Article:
The Australian Prime Minister Scott Morrison has defended his government's stand on climate change as the country deals with devastating fires and a historic heatwave.
Mr Morrison said his policies on reducing emissions would ensure what he called a "vibrant and viable economy, as well as a vibrant and sustainable environment."
Australia is one of the world's biggest per capita greenhouse gas emitters, and there's been a long-running debate about the country's approach to climate change.
So what is it doing to reduce emissions?
Under the Paris Climate Agreement to tackle rising global temperatures, Australia set a target for 2030 of making a 26-28% reduction in its emissions compared with 2005 levels.
These goals have been criticised for being too low, and last year the United Nations (UN) reported that Australia was not on track.
GettyOur climate policy settings are to meet and beat the emissions reduction targets.Scott MorrisonPrime Minister of AustraliaThe UN found that: "There has been no improvement in Australia's climate policy since 2017 and emission levels for 2030 are projected to be well above the target."
About half of the G20 countries (those with the biggest economies), including Australia, are falling short.
It highlighted the country's no-show at a UN climate summit in September and its withdrawal from an international fund to tackle climate change.
The opposition Labor Party in Australia has said the government is "refusing to act" on climate change.
However, the Australian government maintains it is on course to meet its 2030 commitments. "Our climate policy settings are to meet and beat the emissions reduction targets," according to Australian PM Scott Morrison.
Australian emissions will be only 16% lower than 2005 levels in 2030, according to projections published in December.
(In million tonnes, 2018)
More important than specific targets - Australia as a fossil fuel producer has so far failed to acknowledge the need to plan for a world of net zero emissions, says Myles Allen, a climate change expert at the University of Oxford.
Net zero means balancing carbon emissions with carbon removal.
Australia is among the world's largest exporters of iron ore, uranium, coal and natural gas.
It was the fourth largest producer of coal in 2017, according to the International Energy Agency.
Phasing out coal is considered crucial to limiting global warming to within 1.5C, but the Australian government is continuing to back the industry for the role it plays in the economy.
Facing criticism over his handling of the bushfires and response to climate change, Australian prime minister Scott Morrison said he will not make "reckless" cuts to the coal industry.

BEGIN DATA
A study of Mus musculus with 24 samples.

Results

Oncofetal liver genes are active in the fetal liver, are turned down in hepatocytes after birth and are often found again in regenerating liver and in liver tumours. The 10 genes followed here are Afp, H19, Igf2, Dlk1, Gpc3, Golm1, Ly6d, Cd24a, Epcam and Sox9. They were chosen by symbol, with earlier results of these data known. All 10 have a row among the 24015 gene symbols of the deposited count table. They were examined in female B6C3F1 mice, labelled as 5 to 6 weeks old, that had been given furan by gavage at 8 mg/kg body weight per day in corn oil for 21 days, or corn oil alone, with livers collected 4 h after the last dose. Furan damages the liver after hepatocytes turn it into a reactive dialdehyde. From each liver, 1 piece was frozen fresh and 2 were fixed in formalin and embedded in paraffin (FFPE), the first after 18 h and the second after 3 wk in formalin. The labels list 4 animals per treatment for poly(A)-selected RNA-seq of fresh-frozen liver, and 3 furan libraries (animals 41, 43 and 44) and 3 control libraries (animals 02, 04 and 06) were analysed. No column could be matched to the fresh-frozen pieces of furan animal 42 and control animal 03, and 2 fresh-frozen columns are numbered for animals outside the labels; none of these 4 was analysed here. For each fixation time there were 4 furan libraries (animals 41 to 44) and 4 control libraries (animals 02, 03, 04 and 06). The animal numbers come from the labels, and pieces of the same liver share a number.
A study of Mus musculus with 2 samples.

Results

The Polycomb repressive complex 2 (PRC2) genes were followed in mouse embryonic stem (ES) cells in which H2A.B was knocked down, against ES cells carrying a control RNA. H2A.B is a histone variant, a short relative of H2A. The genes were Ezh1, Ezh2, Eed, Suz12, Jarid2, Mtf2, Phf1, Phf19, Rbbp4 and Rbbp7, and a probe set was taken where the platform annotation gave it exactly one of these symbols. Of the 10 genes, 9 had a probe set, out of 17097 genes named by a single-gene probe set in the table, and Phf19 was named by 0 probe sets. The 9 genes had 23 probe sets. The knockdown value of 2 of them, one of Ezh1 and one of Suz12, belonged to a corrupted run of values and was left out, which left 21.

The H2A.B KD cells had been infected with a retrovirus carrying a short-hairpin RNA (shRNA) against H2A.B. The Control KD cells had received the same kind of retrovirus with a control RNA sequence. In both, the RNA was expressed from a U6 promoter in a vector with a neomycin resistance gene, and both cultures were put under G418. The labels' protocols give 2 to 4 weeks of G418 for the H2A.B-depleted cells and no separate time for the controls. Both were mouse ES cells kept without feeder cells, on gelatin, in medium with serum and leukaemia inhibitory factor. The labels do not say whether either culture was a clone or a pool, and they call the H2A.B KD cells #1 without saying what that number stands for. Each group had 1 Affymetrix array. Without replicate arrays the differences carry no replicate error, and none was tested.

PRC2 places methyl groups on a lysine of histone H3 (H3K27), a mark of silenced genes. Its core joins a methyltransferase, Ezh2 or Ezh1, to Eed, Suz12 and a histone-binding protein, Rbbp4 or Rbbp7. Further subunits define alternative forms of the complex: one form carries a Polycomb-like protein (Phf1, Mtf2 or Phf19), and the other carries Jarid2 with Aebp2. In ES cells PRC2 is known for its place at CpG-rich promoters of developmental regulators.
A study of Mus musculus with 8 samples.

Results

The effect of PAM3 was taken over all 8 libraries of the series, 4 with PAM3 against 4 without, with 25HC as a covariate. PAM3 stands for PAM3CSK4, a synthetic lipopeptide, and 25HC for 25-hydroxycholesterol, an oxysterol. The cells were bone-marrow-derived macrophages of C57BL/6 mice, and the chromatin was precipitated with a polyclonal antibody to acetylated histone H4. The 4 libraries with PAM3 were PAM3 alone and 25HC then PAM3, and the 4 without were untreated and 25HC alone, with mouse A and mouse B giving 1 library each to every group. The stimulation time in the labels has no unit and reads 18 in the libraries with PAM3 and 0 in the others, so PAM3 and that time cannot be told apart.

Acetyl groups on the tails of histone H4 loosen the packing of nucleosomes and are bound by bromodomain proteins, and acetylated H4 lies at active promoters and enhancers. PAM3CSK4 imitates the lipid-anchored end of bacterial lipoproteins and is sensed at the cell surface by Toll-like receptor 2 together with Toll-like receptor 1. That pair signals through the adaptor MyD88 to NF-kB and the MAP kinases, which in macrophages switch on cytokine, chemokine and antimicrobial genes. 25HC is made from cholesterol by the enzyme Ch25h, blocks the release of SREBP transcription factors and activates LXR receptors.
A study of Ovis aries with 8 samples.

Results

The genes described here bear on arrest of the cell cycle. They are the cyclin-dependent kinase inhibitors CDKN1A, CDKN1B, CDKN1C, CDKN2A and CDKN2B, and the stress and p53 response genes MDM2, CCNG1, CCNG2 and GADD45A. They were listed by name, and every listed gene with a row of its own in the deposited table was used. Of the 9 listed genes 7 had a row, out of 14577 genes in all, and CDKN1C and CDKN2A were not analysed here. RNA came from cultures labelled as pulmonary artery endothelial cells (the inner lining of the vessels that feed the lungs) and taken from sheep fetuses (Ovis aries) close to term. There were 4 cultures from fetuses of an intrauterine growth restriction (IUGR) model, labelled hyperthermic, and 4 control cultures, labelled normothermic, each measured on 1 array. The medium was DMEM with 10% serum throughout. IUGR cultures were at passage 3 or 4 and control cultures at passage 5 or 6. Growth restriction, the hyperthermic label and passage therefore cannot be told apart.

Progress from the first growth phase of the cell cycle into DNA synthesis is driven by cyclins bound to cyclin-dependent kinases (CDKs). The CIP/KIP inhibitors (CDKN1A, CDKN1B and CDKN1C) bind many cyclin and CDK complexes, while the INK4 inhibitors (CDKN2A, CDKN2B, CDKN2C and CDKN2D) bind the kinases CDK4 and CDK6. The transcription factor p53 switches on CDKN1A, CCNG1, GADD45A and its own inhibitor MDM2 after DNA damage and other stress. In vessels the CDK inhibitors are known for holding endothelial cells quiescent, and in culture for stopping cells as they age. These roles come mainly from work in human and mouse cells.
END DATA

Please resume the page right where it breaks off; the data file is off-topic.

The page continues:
The government recently approved the construction of a controversial new coal mine - which could be the biggest in the world and would export coal to India.
A central climate plan is the Emissions Reduction Fund (ERF).
The government put forward an additional A$2bn (£1bn) spread over 15 years to help businesses and farmers reduce emissions, bringing up total investment to $4.5bn. The government says it will deliver 100 million tonnes of emissions reductions.
Though aspects of the ERF have been praised, "Australia has adopted a piecemeal approach to emission reduction," said the OECD (an economic body which monitors richer, industrialised nations) in a 2019 report.
The government needs to show how existing instruments, such as the ERF, can be scaled up to reach Paris Agreement goals, added the report.
Scientists round the world are looking aghast at the politics of climate change in Australia.
It's one of the most vulnerable countries on the planet to rising temperatures, yet there is still denial about the impacts of rising CO2 levels on events like the current wildfires.
There is no serious doubt among scientific institutions that rising global temperatures are leading to record heat.
The heatwaves are driven by a natural phenomenon but they are adding to an already over-heated planet.
In the election, the victorious Liberal (conservative) Party categorised climate change as a metropolitan fad for urban professionals, and gained support for the world's biggest coal mine.
Coal is the dirtiest fuel and scientists say we shouldn't be building more coal-fired power stations if we want to stabilise the climate.